Chief reports city crime decline; some residents still scared for lives

Posted: 7:44 PM, Jul 14, 2015
Updated: 2015-07-14 19:44:32-04
Chief reports city crime decline; some residents still scared for lives

RICHMOND, Va. – Although Richmond city has seen a drop in homicides, down 26% from 2014, there are still residents in some part of the city who fear for their safety.

A bullet hole marks the spot of a violent Sunday afternoon at Woodland's Crossing apartments.

"This is really terrible people shouldn't have to come home to this," said Debbie Harris-Britton.

"When I saw it…I was like oh my God. That's all I could say -- that could've been somebody in my house being shot," said Harris-Britton.

Harris-Britton says residents have been putting up with shootings and other crimes in this apartment complex for months, and not everybody reports the crimes – because they are scared.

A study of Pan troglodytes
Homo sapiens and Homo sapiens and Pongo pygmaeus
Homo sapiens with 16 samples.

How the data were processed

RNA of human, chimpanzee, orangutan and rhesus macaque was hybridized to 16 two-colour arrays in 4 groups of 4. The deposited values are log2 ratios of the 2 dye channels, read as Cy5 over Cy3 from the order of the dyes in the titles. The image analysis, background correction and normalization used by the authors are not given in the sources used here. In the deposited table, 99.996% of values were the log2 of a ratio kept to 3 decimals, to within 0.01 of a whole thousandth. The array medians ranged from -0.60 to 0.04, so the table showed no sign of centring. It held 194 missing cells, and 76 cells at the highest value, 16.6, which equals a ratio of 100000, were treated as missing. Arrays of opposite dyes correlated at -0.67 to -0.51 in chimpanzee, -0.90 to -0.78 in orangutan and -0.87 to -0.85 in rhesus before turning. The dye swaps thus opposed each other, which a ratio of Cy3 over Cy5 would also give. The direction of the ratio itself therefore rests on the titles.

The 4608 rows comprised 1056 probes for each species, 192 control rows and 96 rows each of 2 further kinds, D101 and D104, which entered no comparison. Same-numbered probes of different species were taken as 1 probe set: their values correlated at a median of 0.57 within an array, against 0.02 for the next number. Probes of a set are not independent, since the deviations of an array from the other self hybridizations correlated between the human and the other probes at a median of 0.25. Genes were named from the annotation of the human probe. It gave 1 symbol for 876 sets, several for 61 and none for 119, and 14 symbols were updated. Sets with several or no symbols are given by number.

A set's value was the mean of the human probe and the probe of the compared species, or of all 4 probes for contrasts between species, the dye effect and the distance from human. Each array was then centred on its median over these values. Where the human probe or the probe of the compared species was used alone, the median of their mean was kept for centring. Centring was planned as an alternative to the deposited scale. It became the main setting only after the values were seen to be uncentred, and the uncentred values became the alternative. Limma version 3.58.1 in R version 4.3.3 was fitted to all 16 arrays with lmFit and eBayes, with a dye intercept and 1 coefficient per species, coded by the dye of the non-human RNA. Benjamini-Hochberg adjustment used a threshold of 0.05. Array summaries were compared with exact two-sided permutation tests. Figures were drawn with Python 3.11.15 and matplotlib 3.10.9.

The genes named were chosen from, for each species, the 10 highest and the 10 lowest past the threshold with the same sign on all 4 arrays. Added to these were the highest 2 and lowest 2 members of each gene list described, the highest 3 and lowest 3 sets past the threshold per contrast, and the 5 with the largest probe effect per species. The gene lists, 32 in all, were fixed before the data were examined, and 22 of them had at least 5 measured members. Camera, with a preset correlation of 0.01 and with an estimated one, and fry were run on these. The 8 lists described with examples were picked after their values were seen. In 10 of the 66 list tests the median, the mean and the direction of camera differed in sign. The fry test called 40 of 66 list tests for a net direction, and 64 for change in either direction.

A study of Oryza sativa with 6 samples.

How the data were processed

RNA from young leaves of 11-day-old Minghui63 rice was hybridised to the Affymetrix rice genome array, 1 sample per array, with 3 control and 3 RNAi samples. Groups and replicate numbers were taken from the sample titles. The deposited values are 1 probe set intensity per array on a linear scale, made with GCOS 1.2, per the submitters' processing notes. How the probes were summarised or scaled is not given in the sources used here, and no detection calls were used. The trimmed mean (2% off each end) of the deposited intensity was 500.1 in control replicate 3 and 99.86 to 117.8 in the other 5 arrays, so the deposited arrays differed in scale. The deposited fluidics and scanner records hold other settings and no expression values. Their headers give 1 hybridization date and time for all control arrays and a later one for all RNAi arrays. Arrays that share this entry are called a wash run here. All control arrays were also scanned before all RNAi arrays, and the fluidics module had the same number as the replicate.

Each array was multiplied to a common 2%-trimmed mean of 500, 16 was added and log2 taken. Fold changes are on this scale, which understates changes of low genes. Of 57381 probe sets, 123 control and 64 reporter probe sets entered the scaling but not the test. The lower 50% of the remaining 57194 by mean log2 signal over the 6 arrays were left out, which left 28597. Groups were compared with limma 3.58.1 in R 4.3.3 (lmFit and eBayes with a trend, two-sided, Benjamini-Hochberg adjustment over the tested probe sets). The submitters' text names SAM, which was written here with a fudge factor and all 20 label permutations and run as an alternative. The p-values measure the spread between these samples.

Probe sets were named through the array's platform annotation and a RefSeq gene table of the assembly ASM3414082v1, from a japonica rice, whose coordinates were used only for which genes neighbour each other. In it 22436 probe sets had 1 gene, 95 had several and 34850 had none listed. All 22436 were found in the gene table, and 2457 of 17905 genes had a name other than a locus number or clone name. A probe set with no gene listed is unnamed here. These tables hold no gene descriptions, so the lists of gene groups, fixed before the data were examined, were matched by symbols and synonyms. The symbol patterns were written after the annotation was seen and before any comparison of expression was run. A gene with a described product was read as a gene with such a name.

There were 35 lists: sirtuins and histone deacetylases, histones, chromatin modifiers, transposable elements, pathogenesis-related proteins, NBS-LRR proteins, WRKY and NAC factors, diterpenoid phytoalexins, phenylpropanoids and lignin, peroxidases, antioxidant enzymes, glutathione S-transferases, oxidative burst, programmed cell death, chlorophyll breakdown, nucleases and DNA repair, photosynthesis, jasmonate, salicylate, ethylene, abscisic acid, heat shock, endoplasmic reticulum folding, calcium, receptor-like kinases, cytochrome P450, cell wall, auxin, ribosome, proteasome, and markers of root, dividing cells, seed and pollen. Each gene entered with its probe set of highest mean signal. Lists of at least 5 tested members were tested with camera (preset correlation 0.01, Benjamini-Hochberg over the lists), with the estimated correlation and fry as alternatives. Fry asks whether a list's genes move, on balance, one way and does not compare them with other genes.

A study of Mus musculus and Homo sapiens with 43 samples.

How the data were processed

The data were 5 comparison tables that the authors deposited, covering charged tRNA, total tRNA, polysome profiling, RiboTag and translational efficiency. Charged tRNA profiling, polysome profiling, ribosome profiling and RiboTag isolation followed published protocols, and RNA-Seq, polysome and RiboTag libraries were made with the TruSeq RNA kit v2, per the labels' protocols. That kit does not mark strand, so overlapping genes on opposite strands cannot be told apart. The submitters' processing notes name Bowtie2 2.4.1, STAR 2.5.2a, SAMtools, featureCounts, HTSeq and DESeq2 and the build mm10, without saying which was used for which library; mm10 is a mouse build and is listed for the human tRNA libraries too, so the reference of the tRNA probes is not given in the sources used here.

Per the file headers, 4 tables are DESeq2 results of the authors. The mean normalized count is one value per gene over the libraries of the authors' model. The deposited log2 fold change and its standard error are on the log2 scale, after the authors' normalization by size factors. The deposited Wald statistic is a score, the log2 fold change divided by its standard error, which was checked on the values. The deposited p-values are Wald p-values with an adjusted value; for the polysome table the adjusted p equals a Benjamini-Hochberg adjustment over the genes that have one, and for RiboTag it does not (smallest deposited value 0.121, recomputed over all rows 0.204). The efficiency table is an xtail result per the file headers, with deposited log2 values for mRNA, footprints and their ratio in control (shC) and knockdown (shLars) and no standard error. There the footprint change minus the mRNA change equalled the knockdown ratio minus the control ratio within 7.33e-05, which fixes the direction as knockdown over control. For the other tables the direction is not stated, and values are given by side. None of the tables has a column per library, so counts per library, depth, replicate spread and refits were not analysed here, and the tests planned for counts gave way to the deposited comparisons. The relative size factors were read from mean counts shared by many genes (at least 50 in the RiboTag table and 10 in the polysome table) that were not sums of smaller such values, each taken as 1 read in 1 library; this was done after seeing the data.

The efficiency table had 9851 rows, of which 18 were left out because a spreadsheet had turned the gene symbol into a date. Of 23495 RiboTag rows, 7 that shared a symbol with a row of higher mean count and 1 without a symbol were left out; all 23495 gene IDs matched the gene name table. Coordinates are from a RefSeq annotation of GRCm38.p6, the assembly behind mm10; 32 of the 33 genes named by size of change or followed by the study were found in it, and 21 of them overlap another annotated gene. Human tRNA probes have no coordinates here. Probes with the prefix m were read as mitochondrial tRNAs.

“Because I am afraid I will be the next victim when I walk out of my door," said Harris-Britton.

Harris-Britton said they hear random gunfire quite often at the apartment complex, and added this is not the first time an apartment has been hit by stray bullets.

But crime is not happening in every Richmond neighborhood.

"The citizens of Richmond should be proud, very proud of their police department," said Chief Alfred Durham, Richmond Police.

Tuesday, Mayor Dwight Jones and Chief Durham announced that major crimes are down by 26 percent so far in 2015, compared to the same this time last year.

There were 17 homicides, 8 of them are still unsolved.

Every type of crime except for arson has seen a decline from the previous year’s statistics.

Chief Durham credits the low number of homicides to aggressive police force and citizens speaking up to help them solve crimes.

We questioned Chief Durham about the perceived plight of Woodland Crossing residents.

"We can't help them, if they're not helping themselves,” said Chief Durham. “We have to have the right information to deploy the resources to that community.”

"I'm tired of it. I can't deal with this anymore," said Harris Britton.